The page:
Tuesday, April 01, 2008

Tiger Beetle

Splendid Tiger Beetle (Cicindela splendida)
(My best shot at an ID)

Gram for gram, tiger beetles are some of the fastest and most ferocious predators on the planet. They feed on small insects, spiders, and other arthropods. They are fast, agile flyers, and are able to catch insects in the air, though they usually run down their prey and seize it with those sickle-shaped mandibles.

Splendid Tiger Beetles are a spring/fall species. The adult beetles emerge from pupae in the autumn and are active for a few weeks or longer, depending on annual weather conditions. As frosts occur and the weather cools, the adults hibernate for the winter. They emerge from hibernation during the spring and mate and lay eggs. Because they overwinter as adults they are one of the first species to emerge in early spring. C. splendida occurs on clay banks, powerline rights-of-way, dirt roads, and mountain paths. The individual above was photographed in our road.

Tiger beetle larvae are also predators, and have a lifestyle very similar to antlion larvae. They live in vertical tunnels in where they wait for ants, spiders, other other small creatures. When prey gets close enough, the larva pops out and grabs it.



Lisa at Greenbow said...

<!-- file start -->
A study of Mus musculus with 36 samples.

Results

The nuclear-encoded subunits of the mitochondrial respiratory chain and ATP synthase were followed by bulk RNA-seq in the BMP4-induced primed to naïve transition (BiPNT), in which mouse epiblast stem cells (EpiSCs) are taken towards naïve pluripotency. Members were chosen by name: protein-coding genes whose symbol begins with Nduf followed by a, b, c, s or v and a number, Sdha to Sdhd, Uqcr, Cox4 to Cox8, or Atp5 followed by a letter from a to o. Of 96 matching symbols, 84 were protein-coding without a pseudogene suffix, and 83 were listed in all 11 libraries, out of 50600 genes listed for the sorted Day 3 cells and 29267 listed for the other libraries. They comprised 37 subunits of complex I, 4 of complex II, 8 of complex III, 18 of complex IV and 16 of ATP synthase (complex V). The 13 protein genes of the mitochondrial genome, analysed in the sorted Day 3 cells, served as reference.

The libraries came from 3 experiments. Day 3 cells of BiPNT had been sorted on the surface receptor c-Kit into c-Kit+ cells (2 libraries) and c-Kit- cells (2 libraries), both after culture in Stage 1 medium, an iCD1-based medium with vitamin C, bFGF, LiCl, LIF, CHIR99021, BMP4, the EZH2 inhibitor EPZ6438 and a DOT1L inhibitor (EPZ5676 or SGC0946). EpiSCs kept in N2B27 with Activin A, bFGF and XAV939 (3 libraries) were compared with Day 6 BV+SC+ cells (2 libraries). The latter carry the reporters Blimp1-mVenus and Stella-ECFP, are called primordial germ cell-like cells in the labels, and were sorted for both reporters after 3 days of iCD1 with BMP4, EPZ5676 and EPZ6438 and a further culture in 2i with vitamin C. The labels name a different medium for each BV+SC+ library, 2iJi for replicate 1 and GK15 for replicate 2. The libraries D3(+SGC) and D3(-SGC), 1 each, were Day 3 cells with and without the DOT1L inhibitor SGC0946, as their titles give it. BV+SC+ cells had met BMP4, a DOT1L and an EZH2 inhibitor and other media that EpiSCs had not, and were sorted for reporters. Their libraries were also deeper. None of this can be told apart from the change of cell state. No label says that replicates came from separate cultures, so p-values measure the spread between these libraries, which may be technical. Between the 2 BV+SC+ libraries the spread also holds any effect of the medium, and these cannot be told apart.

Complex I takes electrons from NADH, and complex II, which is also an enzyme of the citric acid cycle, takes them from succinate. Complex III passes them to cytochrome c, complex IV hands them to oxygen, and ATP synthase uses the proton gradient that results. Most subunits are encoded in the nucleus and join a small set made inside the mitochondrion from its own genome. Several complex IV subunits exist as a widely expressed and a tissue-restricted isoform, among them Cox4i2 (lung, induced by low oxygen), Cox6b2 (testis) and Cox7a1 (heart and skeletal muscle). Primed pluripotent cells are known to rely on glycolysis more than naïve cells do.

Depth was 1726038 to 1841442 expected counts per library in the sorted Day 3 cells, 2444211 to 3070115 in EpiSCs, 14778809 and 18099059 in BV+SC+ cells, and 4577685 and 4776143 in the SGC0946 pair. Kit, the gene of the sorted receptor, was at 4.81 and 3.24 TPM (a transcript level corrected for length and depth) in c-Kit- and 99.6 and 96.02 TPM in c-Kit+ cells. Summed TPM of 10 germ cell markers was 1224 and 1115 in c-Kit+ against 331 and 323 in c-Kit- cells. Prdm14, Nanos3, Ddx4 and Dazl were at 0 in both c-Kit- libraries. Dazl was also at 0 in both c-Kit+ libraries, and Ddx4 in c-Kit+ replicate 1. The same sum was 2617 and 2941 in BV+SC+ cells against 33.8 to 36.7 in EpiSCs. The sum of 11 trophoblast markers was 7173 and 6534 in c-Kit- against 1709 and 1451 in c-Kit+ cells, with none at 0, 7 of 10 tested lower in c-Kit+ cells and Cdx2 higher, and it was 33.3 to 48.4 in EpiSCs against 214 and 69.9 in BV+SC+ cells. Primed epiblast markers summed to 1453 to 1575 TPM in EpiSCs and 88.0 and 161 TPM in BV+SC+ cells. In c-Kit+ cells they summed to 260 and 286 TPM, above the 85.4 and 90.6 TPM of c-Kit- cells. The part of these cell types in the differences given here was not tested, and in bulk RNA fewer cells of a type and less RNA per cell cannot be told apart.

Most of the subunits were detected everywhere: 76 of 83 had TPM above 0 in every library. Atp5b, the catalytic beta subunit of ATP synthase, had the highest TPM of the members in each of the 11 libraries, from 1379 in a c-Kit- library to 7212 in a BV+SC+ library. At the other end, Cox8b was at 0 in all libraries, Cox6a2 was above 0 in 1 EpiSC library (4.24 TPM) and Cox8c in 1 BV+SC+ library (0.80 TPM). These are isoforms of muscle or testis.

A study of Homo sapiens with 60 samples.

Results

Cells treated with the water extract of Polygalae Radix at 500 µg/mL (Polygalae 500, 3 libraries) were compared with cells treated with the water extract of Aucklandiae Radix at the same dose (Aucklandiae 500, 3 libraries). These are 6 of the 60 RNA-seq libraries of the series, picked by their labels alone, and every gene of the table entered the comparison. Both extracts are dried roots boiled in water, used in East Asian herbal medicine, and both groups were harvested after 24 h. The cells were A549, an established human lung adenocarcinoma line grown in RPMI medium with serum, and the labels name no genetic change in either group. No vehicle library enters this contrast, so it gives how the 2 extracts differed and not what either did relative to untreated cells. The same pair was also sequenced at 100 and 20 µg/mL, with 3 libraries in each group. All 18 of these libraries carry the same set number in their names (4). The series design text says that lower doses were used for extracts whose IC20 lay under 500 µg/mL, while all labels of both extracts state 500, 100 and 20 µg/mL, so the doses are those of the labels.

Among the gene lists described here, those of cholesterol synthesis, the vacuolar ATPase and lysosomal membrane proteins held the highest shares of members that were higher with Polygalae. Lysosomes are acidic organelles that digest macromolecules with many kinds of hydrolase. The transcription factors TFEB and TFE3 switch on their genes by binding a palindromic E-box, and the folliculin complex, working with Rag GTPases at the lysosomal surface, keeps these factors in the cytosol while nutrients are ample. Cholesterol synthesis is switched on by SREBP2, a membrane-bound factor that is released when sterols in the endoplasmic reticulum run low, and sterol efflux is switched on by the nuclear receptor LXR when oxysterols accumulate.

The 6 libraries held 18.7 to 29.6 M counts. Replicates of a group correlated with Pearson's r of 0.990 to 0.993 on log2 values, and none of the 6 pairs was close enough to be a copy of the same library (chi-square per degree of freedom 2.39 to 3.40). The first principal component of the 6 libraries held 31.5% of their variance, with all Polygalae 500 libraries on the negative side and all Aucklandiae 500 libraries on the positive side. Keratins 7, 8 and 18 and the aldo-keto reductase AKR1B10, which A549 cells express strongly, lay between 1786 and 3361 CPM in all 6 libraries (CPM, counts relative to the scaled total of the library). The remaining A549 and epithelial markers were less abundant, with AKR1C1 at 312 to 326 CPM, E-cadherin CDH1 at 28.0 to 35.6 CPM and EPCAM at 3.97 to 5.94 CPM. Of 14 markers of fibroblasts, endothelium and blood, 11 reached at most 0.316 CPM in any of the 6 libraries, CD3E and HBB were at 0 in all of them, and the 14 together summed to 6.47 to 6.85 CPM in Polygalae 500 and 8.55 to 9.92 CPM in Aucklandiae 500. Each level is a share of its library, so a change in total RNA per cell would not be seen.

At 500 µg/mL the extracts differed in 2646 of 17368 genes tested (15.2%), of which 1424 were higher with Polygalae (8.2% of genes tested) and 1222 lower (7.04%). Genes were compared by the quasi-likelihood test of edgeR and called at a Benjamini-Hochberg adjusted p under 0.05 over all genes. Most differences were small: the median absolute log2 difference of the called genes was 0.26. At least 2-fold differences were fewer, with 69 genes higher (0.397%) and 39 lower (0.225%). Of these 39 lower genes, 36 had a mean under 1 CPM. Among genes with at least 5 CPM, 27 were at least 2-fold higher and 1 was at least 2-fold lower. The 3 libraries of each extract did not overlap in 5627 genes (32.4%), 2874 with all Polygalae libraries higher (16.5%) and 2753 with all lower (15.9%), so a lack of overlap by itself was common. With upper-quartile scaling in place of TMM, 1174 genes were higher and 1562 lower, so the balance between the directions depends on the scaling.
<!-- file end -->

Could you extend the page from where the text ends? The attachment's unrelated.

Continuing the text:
What a handsome bug Marvin. I like the metallic sheen. I wonder if it was washed out or was it ready to come out? Either way it is interesting.

Tom said...

What a great macro... never heard of this, but found this post and the link of great interest.


Cathy said...

I just discovered these attractive insects last spring. I believe mine was the six-spotted variety. Yours is 'splendid' indeed:0)

lisa said...

Pretty...from the side he almost looks like an overgrown Japapnese beetle.

smilnsigh said...

Yes, I'm sure he is splendid. But, I'm not quite so taken with him...


That separates the boys from the girls, hu? :-)

Lana Gramlich said...

Wow...isn't he lovely!

Anonymous said...

Hi Marvin -- I can confirm your ID, this is indeed Cicindela splendida. It is distinguished from the very similar Cicindela limbalis by the solid green pronotum (neck).

Nice photo -- Ted

Q said...

Hi Marvin,
I have enjoyed your wildflower posts. Very interesting. I keep hoping I will get out intot he woods soon to see if any of ours are up and blooming yet.
I realy like this bug! Beautiful coloring.
Thanks for a great Sunday afternoon catch up!

Jackie said...

Very nice insect photos! That colorful Tiger Beetle is quite nice.